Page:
CHICAGO, IL – Have you ever wondered what you’re agreeing to when you sign an arbitration agreement? An arbitration agreement is a written contract in which two or more parties agree to utilize a neutral third-party, the arbitrator, to resolve a dispute instead of pursing any legal claims against the other party through a lawsuit.
Rather than having your case heard before a judge in the court of law, your dispute is heard by an arbitrator during an arbitration hearing. The procedures involved are less rigorous than standard court procedures and is much more informal than a court hearing with most arbitration hearings being held in a conference room.
Arbitrators are often retired attorneys or judges; however, those in a more specialized industry can be trained in arbitration procedures.
The disadvantages of arbitration agreement
Arbitration leaves matters solely in the hands of the arbitrator versus a jury. The arbitrator acts as the judge and the jury, in this case. For most individuals, having a jury of peers is an important right when seeking restitution of a claim. If you can’t choose an arbitrator, there can be conflicts of interest between parties.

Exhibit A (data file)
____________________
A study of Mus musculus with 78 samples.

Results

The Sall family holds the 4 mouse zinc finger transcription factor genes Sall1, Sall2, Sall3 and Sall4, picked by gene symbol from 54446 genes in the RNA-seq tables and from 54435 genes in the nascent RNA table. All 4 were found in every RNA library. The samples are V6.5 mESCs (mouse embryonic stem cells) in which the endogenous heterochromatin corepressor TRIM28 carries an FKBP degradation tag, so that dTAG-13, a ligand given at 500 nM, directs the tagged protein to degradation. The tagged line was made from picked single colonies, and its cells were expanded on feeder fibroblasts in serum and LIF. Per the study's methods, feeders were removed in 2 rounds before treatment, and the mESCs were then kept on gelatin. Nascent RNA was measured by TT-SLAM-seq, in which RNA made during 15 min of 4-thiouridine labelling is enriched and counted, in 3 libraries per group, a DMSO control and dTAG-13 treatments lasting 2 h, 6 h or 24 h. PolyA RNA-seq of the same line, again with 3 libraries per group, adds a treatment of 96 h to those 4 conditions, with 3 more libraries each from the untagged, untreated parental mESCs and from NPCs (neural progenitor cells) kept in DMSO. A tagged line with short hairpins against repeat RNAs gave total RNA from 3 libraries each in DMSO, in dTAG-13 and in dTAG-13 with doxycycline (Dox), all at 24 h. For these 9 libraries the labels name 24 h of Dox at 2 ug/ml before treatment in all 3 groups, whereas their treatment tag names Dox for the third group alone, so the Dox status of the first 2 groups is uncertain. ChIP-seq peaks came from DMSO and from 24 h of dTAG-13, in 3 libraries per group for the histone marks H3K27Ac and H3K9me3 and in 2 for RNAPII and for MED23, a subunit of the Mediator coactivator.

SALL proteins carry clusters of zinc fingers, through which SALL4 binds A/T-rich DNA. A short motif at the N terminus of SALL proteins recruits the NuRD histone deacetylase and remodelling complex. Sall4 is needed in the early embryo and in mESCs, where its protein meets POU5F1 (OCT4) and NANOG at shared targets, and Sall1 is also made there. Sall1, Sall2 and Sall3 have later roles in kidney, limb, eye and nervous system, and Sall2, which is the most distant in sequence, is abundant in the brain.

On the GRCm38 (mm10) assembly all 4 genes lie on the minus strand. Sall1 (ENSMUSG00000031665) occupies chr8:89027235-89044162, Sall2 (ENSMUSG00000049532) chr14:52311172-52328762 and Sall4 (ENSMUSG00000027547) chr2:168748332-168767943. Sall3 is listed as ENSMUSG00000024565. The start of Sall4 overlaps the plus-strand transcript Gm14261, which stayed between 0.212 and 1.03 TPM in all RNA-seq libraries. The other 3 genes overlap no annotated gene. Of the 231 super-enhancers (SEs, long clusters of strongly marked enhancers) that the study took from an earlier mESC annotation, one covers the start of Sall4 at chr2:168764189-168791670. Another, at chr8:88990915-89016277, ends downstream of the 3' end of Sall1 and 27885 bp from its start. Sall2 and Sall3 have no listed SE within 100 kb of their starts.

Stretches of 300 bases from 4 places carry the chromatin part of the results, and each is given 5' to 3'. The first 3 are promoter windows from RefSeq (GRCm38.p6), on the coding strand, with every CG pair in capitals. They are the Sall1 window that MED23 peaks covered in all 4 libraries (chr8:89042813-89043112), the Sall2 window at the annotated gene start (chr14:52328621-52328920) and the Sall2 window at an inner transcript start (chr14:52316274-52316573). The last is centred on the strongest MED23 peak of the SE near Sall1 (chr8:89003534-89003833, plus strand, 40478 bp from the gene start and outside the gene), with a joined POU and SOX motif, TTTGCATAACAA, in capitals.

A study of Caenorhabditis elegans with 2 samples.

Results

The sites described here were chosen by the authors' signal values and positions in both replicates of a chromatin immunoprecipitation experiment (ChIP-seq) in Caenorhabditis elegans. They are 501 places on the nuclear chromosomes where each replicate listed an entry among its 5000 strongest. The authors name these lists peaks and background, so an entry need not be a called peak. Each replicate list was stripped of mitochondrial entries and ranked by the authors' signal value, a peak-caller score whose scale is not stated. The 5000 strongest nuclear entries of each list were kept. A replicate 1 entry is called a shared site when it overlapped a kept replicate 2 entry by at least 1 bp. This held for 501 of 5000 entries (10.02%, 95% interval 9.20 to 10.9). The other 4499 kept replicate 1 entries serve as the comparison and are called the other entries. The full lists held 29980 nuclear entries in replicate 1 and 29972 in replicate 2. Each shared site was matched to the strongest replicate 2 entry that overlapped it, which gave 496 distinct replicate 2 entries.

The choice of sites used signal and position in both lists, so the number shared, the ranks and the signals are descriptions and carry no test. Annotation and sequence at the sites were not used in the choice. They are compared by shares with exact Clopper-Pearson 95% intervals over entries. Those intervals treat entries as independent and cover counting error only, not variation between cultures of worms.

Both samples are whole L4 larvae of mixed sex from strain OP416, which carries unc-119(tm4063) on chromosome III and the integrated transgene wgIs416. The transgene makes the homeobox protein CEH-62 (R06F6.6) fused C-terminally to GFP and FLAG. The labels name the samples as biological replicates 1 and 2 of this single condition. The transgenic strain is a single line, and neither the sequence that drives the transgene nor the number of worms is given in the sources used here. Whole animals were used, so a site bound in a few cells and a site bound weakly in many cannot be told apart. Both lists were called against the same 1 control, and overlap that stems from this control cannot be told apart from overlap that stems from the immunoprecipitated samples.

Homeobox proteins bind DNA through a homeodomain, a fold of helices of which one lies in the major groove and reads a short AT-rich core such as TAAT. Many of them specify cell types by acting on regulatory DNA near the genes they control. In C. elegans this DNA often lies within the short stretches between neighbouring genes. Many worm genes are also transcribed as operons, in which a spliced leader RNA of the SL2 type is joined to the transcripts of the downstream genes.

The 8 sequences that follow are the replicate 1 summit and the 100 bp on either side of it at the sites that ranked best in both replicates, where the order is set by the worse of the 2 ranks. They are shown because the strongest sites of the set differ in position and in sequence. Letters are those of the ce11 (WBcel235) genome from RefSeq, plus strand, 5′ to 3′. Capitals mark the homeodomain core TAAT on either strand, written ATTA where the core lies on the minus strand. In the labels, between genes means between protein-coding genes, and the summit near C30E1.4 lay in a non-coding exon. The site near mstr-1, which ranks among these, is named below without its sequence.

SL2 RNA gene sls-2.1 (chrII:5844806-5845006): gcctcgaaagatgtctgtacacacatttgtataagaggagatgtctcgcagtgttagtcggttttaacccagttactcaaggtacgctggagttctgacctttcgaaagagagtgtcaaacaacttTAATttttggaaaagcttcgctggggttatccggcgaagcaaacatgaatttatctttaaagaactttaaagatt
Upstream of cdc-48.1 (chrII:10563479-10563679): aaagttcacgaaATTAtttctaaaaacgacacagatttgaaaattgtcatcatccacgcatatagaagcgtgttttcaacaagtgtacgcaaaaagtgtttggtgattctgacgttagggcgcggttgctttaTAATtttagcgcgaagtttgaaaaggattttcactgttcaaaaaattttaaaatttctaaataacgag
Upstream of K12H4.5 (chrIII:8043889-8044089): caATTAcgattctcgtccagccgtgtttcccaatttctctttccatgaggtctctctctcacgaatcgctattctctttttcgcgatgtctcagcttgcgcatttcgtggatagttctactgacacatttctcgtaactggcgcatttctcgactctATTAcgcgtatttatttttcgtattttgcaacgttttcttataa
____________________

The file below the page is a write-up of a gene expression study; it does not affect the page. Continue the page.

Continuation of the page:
Arbitration also limits the amount of information each side is required to provide the other party. In employment cases, for example, this hurts the employee because the employer is normally the one in possession of most of the documentation relating to the employee’s case. Additionally, if a company insists on arbitration, you may have to pay for the process.
Most importantly, arbitration decisions typically cannot be appealed. If the arbitration is mandatory and binding, both parties waive their rights to the court system and have a judge or jury decide their case.
Contacting an attorney
There are plenty of good reasons you should not sign an arbitration agreement. While many people haven’t filed a lawsuit, you have the right to do so. Contact one of our skilled attorneys at the Dinizulu Law Group to review a contract or a stand-alone arbitration agreement. For a free case evaluation, contact us today at (312) 384-1920.